A climate strike in Thailand earlier this year © Amnesty International

Millions of lives at risk, yet US president appears to be pursuing ‘personal agenda’ of promoting fossil fuels for domestic votes 

‘He is wilfully vandalising global attempts to save humanity’ - Kumi Naidoo

Responding to news that Donald Trump has initiated the formal withdrawal of the United States from the Paris Agreement on climate change - a move which would make the US the only country in the world not part of the pact - Kumi Naidoo, Amnesty International’s Secretary General, said: 

“Selfish, reckless and monstrous - the continued attempts to pull the US out of the Paris Agreement is potentially the single most destructive act of the Trump presidency.

“President Trump may believe his commitment to fossil fuels will win him votes, but it will also cost lives. By putting his own personal agenda before the needs of the world’s population, he is wilfully vandalising global attempts to save humanity.  

“The climate emergency is one of the greatest threats to human rights of our age - its effects wreaking famine, poverty and homelessness on great swathes of the globe. 

“And as the world’s second-biggest carbon-emitter, the US has a pivotal role to play in preventing the human rights catastrophe that will be inevitable unless greenhouse gas emissions are drastically reduced.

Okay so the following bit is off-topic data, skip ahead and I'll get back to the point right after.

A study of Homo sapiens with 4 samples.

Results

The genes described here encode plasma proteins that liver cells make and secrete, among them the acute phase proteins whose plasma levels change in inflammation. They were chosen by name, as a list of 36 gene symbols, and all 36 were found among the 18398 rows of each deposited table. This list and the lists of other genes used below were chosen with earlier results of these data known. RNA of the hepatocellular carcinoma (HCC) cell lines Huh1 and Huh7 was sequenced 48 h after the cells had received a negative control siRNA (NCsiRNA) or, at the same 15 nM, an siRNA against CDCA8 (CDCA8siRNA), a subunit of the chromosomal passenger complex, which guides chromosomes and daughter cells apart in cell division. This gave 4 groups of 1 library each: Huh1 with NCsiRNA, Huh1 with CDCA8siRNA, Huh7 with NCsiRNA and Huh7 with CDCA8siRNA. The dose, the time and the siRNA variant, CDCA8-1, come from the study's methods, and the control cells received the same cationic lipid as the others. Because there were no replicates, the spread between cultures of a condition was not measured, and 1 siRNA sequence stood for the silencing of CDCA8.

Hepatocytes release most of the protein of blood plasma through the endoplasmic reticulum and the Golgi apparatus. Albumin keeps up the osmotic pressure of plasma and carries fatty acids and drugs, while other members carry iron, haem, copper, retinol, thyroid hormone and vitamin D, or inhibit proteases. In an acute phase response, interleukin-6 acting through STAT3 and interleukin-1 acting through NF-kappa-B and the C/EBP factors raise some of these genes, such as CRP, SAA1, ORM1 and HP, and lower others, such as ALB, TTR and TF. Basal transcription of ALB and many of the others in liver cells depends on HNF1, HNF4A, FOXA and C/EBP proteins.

“By pursuing an exit of the Paris Agreement, President Trump is sending a clear message to the hundreds of millions of people whose existence is threatened by the climate crisis: he doesn’t care whether they live or die.”

Year-long withdrawal process 

President Trump is beginning a year-long process to formally withdraw from the Paris climate agreement. He will not be able to finalise the withdrawal until a day after the US presidential election in November 2020.

The agreement, which entered into force in November 2016, is the world’s most ambitious climate change commitment, ratified by 125 countries. Under it, the US had committed to reduce emissions to 26-28% below 2005 levels by 2025.

Without strong action to prevent it, severe climate change is expected to cause 250,000 deaths per year between 2030 and 2050 - due to malaria, malnutrition, diarrhoea and heat stress. More than one billion people will see a severe reduction in water resources if there is a 2°C rise in the mean global temperature. There would also be an increase in the number of people at risk of hunger of at least 600 million by 2080, with at least 330 million displaced through flooding. 

Overall, hundreds of millions of people would be denied their rights to life, health, food, water and housing. The adverse effects are likely to be disproportionately experienced by those living in poverty, particularly women and girls, indigenous peoples and others disadvantaged due to discrimination.